Friday 20 February, 2015    [PDF,256kb]

The Office of Liquor, Gaming & Racing (OLGR) has warned bottle shops about the need to close by 10pm and thoroughly check identification to ensure alcohol is not sold to minors following a series of concerning breaches identified in recent weeks.

On February 6, Office of Liquor, Gaming & Racing (OLGR) inspectors detected sales of takeaway alcohol after 10pm at a Darling Harbour bottle shop. CCTV records also revealed sales after 10.45pm on three previous weekends. The matter is still under investigation.

A statewide 10pm limit on the sale of takeaway alcohol was introduced in February 2014 to reduce excessive availability of alcohol late at night and continue to drive down alcohol-related harm across the state.

Breaching the 10pm law carries potential penalties of up to $11,000 and/or 12 months imprisonment and strikes under the Three Strikes disciplinary scheme.

Meanwhile, a Central Coast bottle shop is expected to become the State’s first venue to face tough new penalties for allegedly selling alcohol to minors. On 26 January, OLGR inspectors observed a 17-year-old youth purchasing alcohol from the bottle shop without being asked for age identification.

On 7 February, OLGR inspectors caught an adult male purchasing alcohol from the same bottleshop and then supplying it to a 17-year-old and a 16-year-old girl outside.

Selling or supplying alcohol to a minor is a serious offence which can attract an infringement notice of $1,100 or a maximum court imposed fine of up to $11,000 and/or 12 months imprisonment if prosecuted, as well as a strike for venues under the Three Strikes disciplinary scheme.

What's more, following the passage of new liquor laws through Parliament last year, a new escalating sanctions regime is also in place which creates further significant penalties for licensed venues caught selling alcohol to minors.

Under these new laws, a licensee will need to put their case to the Secretary of NSW Trade & Investment as to why their licence should not be suspended for up to 28 days, when convicted of an initial offence.

If a second offence is committed within 12 months of the first offence the licence will be automatically suspended for 28 days.

Finally, a licence will be automatically cancelled and the licensee disqualified from holding a liquor licence for 12 months if a third offence occurs within 12 months of the first offence.

Commenting on the breaches, OLGR Director of Compliance Anthony Keon said: "Bottle shop owners and staff have an important responsibility to abide by the State's liquor laws and rogue operators that trade unlawfully or sell alcohol to minors will face serious consequences.

"OLGR inspectors are taking a zero tolerance approach to any licensed venues or staff found selling alcohol to minors, as well as any adults caught supplying alcohol to minors illegally through secondary supply.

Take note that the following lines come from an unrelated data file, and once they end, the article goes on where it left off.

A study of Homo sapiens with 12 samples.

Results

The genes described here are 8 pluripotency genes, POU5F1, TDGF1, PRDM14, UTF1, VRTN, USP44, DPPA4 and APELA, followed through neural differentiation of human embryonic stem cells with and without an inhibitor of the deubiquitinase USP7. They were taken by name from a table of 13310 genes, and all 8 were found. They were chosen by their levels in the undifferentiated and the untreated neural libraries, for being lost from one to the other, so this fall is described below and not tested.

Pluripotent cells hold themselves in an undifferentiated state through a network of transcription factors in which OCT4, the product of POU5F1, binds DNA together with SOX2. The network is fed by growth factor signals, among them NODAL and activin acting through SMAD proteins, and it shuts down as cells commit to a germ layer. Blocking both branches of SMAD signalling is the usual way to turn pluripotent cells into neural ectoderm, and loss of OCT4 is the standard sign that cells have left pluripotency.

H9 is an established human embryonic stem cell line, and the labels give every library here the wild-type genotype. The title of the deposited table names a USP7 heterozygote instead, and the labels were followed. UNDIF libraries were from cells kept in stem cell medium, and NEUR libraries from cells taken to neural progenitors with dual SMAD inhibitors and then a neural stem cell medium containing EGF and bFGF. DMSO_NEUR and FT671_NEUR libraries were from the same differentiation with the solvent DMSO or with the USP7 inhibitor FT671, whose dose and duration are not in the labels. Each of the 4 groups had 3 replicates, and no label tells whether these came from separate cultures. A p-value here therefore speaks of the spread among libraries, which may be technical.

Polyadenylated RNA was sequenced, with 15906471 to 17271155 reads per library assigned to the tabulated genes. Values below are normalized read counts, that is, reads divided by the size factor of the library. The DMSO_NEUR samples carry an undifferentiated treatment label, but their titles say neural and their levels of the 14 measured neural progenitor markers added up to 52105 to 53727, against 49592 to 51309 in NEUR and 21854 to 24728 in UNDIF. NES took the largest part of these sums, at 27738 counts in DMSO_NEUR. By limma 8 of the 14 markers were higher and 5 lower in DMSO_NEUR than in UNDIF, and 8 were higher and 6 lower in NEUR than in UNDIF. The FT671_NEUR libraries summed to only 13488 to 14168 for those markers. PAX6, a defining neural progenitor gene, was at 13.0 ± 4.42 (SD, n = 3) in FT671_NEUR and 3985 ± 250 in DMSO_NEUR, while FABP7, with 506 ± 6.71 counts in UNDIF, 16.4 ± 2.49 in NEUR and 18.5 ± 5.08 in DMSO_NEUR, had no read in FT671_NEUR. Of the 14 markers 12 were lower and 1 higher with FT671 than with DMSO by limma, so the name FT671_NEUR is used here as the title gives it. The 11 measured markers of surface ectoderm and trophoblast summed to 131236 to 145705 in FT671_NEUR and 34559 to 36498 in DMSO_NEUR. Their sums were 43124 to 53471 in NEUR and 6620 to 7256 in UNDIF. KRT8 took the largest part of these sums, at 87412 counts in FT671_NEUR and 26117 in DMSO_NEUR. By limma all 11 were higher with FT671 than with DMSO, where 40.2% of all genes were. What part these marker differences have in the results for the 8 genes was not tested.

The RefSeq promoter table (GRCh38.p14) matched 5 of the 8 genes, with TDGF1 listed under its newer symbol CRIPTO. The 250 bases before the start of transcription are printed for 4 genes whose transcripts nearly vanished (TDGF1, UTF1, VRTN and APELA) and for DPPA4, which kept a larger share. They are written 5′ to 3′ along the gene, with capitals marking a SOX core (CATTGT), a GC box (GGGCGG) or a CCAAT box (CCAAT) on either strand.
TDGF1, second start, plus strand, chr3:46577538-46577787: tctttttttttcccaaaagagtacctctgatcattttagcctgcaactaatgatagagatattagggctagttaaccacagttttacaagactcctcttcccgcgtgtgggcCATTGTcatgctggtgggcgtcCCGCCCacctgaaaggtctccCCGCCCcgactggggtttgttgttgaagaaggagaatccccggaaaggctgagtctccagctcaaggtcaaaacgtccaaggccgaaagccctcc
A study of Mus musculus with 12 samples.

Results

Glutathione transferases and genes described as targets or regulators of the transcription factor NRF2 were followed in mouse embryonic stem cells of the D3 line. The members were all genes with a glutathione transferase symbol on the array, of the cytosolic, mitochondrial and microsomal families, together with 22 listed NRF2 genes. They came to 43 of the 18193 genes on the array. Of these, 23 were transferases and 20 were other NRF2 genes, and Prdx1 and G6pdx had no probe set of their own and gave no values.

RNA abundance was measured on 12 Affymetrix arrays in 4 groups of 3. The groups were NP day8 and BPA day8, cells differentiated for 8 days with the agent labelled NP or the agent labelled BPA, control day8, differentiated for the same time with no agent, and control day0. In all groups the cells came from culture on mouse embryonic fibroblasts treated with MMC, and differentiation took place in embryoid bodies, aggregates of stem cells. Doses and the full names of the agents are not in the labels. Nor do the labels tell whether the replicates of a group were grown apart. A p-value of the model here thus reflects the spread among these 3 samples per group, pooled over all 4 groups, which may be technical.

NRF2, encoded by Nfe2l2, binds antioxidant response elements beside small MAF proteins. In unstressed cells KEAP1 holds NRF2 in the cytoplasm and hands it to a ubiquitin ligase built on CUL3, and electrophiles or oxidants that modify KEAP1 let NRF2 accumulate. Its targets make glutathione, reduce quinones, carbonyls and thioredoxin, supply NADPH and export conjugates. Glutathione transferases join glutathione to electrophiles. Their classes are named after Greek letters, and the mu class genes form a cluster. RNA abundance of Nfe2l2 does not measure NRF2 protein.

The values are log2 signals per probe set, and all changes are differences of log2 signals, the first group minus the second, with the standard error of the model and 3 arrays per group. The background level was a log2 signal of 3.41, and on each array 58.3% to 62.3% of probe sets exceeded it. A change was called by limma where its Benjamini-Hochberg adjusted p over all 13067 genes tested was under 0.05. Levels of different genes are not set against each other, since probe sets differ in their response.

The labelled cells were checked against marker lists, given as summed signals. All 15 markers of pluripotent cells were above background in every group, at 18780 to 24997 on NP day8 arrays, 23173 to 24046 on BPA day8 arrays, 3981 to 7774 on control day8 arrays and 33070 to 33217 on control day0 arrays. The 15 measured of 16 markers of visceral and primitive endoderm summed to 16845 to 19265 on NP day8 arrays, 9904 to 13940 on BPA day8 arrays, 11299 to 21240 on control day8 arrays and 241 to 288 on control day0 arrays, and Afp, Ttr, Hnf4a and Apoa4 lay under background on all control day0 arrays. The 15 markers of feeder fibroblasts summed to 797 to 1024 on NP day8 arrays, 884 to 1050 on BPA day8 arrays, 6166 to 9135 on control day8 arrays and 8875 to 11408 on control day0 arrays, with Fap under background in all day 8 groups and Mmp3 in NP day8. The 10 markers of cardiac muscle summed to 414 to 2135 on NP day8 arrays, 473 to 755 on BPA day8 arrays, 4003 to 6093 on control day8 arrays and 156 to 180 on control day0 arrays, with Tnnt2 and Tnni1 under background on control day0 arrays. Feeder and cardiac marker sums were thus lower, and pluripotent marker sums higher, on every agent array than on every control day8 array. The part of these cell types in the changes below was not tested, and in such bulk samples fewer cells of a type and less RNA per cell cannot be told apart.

"Individual responsibility also plays an important role and minors need to know they are breaking the law if they attempt to purchase alcohol before they turn 18 and can face infringement notices of $220 or a maximum court imposed fine of $2,200.

"Minors caught using fake IDs can also be required to spend an extra six months on their P-plates once they obtain a provisional drivers licence."

Liquor stores are encouraged to adopt the Liquor Stores Association’s ‘ID-25’ and ‘Don’t Buy It For Them’ initiatives which aim to prevent underage alcohol sales and secondary supply.

OLGR has worked with industry associations to develop new materials for venues including an ID checklist and flowchart sticker encouraging staff request proof of age ID if a customer looks under 25, to refuse to sell if an ID is suspect, and a window decal warning minors of the penalties if they risk trying to purchase alcohol.

Other recent offences of alcohol supply to minors related to takeaway sales detected by OLGR

  • At Byron Bay on 24 November 2014 , OLGR inspectors observed a man and woman provide two 17-year-old girls with a six pack of beer and a 700 ml bottle of vodka purchased on their behalf from a bottleshop. They were both issued with $1,100 penalty notices.
  • In Newcastle on New Year’s Eve 2014, OLGR inspectors observed a woman purchase 18 vodka pre-mixed cans from a liquor store and provide the alcohol to five 17-year-olds in exchange for money. The woman was issued with a $1,100 penalty notice.
  • On Sydney’s northern beaches on 17 January 2015, an OLGR compliance operation observed a young woman drinking a vodka cruiser while approaching a Collaroy bottleshop to buy cigarettes. The woman was in company with two 17-year-old girls, one of whom also had an open bottle of vodka cruiser. The woman admitted providing the 17-year-old with alcohol at the minor's home while her parents were away. She was issued with a $1,100 penalty notice.